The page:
Facial recognition system of Tamil Nadu police stirs privacy row

Updated on Dec 10, 2022 04:32 AM IST

According to their website, 126 facial recognition systems have been installed across various states.

Several users pointed out the Orwellian system and asked if this was even legal.
Several users pointed out the Orwellian system and asked if this was even legal.

The facial recognition system which chief minister M K Stalin launched last year for police to identify criminals has stirred a controversy after a Chennai motorist tweeted about being checked at night, sparking concerns over collecting personal data and the right to privacy.

On December 8, a Twitter user, Siddharth, tweeted to the Chennai police and traffic police: “GRIEVANCE. Weird thing happened yesterday when I was returning home, near Thillai Ganga Nagar subway. A couple of cops stopped me, took a pic of my face and simply let me go. When asked why, he simply ignored. What is this new procedure?!”

To this the verified handle of the Greater Chennai Police responded: “Facial recognition system is being used during night hours to verify persons moving around at night hours. This system is useful in identifying the criminals instantaneously. Nothing to worry.”

Several users pointed out the Orwellian system and asked if this was even legal. “We are extremely worried that this is how the Chennai police is using facial recognition technology,” tweeted Project Panoptic, a community project, which tracks India’s facial recognition projects as a system of mass surveillance. “Such use casts a presumption of criminality on the entire population & violates not just the decision of the SC in the Aadhaar judgement but also the right to privacy.”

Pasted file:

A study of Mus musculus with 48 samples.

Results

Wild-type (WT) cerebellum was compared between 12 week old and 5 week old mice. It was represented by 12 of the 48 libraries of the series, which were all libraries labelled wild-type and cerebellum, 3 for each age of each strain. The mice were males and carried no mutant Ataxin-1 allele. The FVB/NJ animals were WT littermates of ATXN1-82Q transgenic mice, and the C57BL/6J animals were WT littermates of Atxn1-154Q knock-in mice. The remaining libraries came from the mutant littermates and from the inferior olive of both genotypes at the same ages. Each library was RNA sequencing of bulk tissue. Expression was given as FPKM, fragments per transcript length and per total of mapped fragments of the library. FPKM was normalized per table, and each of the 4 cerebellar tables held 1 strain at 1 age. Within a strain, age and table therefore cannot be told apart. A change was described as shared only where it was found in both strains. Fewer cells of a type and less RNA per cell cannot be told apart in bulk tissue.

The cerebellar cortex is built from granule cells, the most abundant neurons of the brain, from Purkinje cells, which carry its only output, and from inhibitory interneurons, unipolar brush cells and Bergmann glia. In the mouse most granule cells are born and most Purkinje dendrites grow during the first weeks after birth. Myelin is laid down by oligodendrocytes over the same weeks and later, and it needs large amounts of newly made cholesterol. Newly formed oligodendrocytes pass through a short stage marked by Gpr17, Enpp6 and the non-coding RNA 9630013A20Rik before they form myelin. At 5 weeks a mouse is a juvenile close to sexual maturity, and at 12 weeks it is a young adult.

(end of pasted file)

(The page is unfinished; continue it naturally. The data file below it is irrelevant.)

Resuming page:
According to their website, 126 facial recognition systems have been installed across various states.

In January, social activist S Q Masood took the Telangana police to the state’s high court for forcing him to remove his mask in May 2020 and taking his picture without taking consent. Next day, he wrote to the Hyderabad police commissioner asking him the reason why the police had taken his photographs, where they were stored and who would have access to them. When there was no response from the police, Masood sent a legal notice with the help of an NGO, Internet Freedom Foundation, and then filed a public interest litigation. The first bench had sought explanations from the Telangana government and the Hyderabad police commissioner, seeking an explanation from the state and the police over the propriety of the use of technology and whether it infringes on one’s privacy while being in public places.

After Stalin launched this tech in October 2021, a government statement said that the facial recognition software can be used by police officers on patrol or while inspecting vehicles to quickly retrieve the criminal antecedents, if any, of a person. The photo can be compared with lakhs of photos uploaded on the Crime and Criminal Tracking and Network System (CTNS) -- a project under the Union government for creating a comprehensive and integrated system for effective policing through e-governance.


    Divya Chandrababu is an award-winning political and human rights journalist based in Chennai, India. Divya is presently Assistant Editor of the Hindustan Times where she covers Tamil Nadu & Puducherry. She started her career as a broadcast journalist at NDTV-Hindu where she anchored and wrote prime time news bulletins. Later, she covered politics, development, mental health, child and disability rights for The Times of India. Divya has been a journalism fellow for several programs including the Asia Journalism Fellowship at Singapore and the KAS Media Asia- The Caravan for narrative journalism. Divya has a master's in politics and international studies from the University of Warwick, UK. As an independent journalist Divya has written for Indian and foreign publications on domestic and international affairs.